Goldman Sachs has hired two engineers and blessed them as partners—lofty, well-paid positions that are among the most coveted on Wall Street. Their ascension suggests technologists are muscling in on a financial domain normally dominated by big shots in sales and trading.
As investment banks go head-to-head with Silicon Valley for technology talent, it’s an open question whether bringing more engineers into the highest ranks at banks will give Wall Street the advantage. Goldman’s recent promotions and hires suggests that this is its aim. According to the Wall Street Journal (paywall), engineers at the storied bank make up some 10% of the 2016 partner class, compared with 8% of the 2014 class, and now comprise about 6% of Goldman’s 450 partners overall.
But while two of the bank’s new partners may be “computer nerds” (paywall), their pedigree is still finance. Jeff Wecker, who becomes Goldman’s chief data officer, previously worked at Bridgewater Associates, the world’s biggest hedge fund. It’s the second time he’s worked at Goldman. Michael Blum will work in Goldman’s electronic-trading group after roles at high-frequency trader KCG Holdings.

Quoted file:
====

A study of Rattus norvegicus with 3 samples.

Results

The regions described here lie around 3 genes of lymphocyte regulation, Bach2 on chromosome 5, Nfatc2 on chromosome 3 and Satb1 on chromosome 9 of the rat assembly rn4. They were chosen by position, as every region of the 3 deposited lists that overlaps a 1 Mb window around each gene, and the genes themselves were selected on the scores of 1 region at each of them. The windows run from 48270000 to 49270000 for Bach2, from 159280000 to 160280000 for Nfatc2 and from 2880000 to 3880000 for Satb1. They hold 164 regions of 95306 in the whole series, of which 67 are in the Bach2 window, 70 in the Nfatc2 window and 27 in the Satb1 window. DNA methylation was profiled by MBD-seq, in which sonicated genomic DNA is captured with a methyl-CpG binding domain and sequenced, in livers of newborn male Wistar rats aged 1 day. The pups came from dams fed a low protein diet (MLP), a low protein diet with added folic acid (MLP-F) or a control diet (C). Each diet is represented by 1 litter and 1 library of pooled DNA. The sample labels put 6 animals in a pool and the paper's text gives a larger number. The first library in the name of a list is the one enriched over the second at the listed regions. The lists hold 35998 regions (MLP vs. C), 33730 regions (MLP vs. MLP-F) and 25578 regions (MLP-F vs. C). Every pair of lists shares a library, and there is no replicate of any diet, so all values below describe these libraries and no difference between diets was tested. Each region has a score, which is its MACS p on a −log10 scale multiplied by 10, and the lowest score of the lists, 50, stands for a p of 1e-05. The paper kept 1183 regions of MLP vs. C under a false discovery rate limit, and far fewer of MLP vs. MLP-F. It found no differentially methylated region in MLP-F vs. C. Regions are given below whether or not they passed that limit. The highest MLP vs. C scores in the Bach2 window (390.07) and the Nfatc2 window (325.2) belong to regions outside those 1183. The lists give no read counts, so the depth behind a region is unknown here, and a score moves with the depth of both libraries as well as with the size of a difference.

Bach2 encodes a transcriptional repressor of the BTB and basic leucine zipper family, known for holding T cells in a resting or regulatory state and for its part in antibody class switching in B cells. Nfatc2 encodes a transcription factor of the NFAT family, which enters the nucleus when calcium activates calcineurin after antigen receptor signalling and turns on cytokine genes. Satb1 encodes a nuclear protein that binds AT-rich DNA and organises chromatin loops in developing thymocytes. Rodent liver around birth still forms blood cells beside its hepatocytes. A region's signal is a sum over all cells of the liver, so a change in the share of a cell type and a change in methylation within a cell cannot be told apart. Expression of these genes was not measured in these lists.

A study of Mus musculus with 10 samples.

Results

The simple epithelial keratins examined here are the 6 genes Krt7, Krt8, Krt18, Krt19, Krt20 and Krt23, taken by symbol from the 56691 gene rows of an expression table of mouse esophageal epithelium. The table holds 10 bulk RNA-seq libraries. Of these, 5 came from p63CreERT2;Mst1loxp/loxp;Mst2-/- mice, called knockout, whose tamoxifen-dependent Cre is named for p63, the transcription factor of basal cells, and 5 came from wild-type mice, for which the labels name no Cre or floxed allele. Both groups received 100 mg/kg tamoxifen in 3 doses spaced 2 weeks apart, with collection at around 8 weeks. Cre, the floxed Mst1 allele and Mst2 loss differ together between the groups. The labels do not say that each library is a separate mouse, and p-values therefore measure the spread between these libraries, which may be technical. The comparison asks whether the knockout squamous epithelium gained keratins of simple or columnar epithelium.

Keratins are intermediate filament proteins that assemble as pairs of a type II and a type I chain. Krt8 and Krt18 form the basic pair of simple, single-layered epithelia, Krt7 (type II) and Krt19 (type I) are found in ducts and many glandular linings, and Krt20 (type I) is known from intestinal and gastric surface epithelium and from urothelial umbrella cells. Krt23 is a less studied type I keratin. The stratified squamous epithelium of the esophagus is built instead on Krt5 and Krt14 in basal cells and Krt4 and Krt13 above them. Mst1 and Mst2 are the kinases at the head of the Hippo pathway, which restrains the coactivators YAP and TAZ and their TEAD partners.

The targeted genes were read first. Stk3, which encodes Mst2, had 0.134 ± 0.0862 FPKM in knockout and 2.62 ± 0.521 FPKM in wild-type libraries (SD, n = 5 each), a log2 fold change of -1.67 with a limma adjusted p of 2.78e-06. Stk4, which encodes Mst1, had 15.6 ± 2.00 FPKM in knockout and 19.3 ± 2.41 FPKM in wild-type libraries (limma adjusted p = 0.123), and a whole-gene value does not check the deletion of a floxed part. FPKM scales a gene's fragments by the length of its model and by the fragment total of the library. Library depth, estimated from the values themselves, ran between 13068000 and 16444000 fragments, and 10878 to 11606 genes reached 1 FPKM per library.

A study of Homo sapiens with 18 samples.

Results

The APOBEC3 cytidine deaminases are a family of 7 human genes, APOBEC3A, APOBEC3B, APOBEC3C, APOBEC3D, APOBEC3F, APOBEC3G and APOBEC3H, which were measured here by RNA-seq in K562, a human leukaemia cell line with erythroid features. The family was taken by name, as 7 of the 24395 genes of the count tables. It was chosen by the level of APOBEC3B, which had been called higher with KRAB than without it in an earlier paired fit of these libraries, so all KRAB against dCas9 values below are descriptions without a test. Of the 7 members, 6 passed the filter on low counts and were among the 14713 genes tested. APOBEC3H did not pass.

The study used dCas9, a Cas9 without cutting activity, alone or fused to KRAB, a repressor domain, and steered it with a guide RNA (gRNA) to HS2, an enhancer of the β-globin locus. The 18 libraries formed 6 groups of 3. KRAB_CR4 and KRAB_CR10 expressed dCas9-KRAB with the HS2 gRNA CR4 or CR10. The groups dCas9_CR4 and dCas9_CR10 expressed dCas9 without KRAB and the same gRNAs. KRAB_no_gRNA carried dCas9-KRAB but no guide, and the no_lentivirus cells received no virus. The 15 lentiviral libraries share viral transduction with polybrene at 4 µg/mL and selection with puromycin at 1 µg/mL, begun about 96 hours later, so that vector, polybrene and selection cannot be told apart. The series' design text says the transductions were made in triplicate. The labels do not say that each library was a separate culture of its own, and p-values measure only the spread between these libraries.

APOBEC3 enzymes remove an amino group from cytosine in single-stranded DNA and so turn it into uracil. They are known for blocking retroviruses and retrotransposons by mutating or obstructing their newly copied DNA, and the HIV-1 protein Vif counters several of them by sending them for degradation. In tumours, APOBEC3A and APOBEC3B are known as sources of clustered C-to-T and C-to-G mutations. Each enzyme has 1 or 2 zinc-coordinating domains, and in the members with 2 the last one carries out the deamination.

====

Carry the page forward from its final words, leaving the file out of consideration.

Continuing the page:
Wall Street has an image problem among some computer science graduates—Goldman executives have acknowledged that some outdated technology needs an overhaul—and it remains to be seen whether finance can nurture a reliable pipeline of engineers with finance expertise. If tales of highly paid bond traders used to inspired Ivy Leaguers, Facebook founder Mark Zuckerberg is more likely to be their champion now. Former Deutsche Bank trader Denis Ignatovich said at Quartz’s Future of Work event last week in London that Wall Street paychecks aren’t always enough to compensate for the long hours and stress. After banking, Ignatovich went on to co-found an artificial intelligence firm called Aesthetic Integration.
That’s probably why Goldman has taken other steps to woo talent, such as increasing pay for programmers right out of college and relaxing its dress code. A new engineer’s base salary has likely climbed to $100,000 or more per year, with prospects for larger bonuses than before, according to Bloomberg. That compares with previous pay of around $83,000, with a bonus of $12,000.